What happens when you’ve listen to a song dozens of times — if not hundreds?
You start to notice things you didn’t hear the first 10 or 11 times you heard it.
This is definitely the case for Led Zeppelin’s “Since I’ve Been Loving You,” a song that’s been bouncing around in my head since I first heard it as a teenager — about 25 years after it was first released.
Why did I latch onto this song at 17? I didn’t really understand heartbreak at that age, nor did I get “working from 7 to 11 every night.”
The obvious answer is, it has an absolutely killer guitar solo. Like, seriously, Jimmy Page was my favorite guitarist for a long time, and the feeling conveyed through that solo reminds me why every time I sit down and really listen to this song.
But there’s something else I’ve noticed over the years, almost subconsciously at first.
Right at the beginning ... the arrangement is still spare ... there’s room to hear smaller sounds behind Page’s noodling, John Bonham’s drumming and, eventually, John Paul Jones’s excellent organ work (no bass guitar on this track) ...
But what in the name of Thor's hammer is that squeaking?
There's a definite squeak that you can't hear once the instruments pick up and Robert Plant starts singing, but it comes back in the quieter moments later on.
It's not a random sound, but seems to have a certain rhythm to when you hear it. Could it be a squeaky bearing on the tape recorder? Doubtful, or it would ruin the whole track, I'd think.
Anyone who knows hard rock knows that "Bonzo" Bonham was playing faster than anyone else in mainstream music in 1970. What they may not know, is that only one bass drum pedal was on the market back then that could keep up with Bonham, the Ludwig Speed King 201.
There was a catch, though. The spring on the pedal was really loud, leading it to be nicknamed the "Squeak King." Apparently getting the level of tension needed to keep up with Bonzo came at a price.
Oil didn't get rid of it, the squeaking just had to be edited out.
What's weird, though, is that it wasn't. Now, Led Zeppelin may not have been launched into the stratosphere by 1970, the way they would be within a couple of years, but they also weren't a bunch of amateurs either. They had already released two highly-acclaimed, bestselling albums the year before. Page and Jones were already well-known session men as well as Page's work with the Yardbirds.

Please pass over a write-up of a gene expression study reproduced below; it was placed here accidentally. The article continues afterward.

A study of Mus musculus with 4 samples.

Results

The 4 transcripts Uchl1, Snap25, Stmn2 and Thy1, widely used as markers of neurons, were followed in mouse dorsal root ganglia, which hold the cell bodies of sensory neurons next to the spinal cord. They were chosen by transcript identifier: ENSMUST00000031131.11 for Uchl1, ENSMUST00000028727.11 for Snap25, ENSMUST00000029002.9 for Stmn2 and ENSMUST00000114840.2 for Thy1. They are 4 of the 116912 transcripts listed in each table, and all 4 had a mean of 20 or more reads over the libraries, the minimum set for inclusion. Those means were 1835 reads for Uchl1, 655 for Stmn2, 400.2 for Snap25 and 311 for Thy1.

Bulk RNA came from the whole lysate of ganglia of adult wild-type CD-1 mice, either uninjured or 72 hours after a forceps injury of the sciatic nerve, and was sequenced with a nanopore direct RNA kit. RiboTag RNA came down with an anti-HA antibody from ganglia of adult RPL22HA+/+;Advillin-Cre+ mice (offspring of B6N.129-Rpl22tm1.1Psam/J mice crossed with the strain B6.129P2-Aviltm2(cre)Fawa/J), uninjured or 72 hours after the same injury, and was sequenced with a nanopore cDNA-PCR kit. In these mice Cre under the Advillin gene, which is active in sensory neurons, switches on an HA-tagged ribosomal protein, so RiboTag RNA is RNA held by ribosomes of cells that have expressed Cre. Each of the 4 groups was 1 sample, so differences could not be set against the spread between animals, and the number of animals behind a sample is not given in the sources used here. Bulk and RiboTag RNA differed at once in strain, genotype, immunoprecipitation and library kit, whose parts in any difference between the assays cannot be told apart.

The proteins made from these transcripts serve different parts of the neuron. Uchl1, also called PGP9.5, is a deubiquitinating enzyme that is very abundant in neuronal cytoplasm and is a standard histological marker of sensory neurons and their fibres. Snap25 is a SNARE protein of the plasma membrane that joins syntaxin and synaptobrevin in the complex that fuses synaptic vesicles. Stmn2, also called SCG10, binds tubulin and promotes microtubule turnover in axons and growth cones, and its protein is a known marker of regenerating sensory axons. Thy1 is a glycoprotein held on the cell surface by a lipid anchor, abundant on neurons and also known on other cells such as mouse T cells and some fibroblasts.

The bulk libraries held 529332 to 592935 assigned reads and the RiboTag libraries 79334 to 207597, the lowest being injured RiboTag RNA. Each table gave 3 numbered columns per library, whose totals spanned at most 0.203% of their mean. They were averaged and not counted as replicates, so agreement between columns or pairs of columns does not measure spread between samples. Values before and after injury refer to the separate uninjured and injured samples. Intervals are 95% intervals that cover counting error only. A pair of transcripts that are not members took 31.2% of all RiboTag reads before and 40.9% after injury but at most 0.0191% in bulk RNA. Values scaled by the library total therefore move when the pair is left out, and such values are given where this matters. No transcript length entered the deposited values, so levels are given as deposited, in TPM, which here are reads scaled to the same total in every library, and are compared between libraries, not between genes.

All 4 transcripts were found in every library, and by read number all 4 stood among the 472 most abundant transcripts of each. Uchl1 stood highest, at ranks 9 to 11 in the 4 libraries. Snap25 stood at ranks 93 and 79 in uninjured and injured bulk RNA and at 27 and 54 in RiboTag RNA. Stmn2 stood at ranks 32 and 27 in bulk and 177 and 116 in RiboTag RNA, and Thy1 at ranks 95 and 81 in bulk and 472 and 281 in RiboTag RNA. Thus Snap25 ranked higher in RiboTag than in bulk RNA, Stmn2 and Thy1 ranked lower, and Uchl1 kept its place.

So, how did this big, rich rock band with access to the best equipment money could buy miss something that should be obvious to seasoned musicians and engineers? We don't really know.
Page has been quoted as saying the sound was never really an issue until the band started putting together boxed sets years later.
"It sounds louder and louder every time I hear it!" he told Guitar World in 2003. "That was something that was obviously sadly overlooked at the time.”
But is it actually sad? I mean, noise is an important part of rock music. Think about that panting noise in the Beatles' "A Day in the Life," as well as that terrifying whatever-it-is after the song has seemingly faded out.
There's also the use of clock sounds on Pink Floyd's "Time" as well as cash registers on "Money" later on the "Dark Side of the Moon" album. Absolutely brilliant.
But those were obviously on purpose. I'm certain that the boys in ol' Led Zep would have edited out the squeak if they had noticed, in much the same way that countless guitarists would get rid of the sounds of their fingers sliding on the strings.
I'd like to suggest that they don't, though, even if they're able. The beauty of music isn't in its perfections, but in its imperfections. I want to know it's made by humans, even if they are humans with a skill level I can barely fathom. In much the same way, little differences and imperfections in the process are what make a good bourbon what it is.
Then again, I developed my love of music on grunge, with its warts-and-all approach to noisemaking.
So, I applaud you, Jimmy Page, for never going back and taking out the squeak on any of the remastered versions. We know it. We love it. It's definitely part of the song.
And if you like this song but had never noticed the squeak?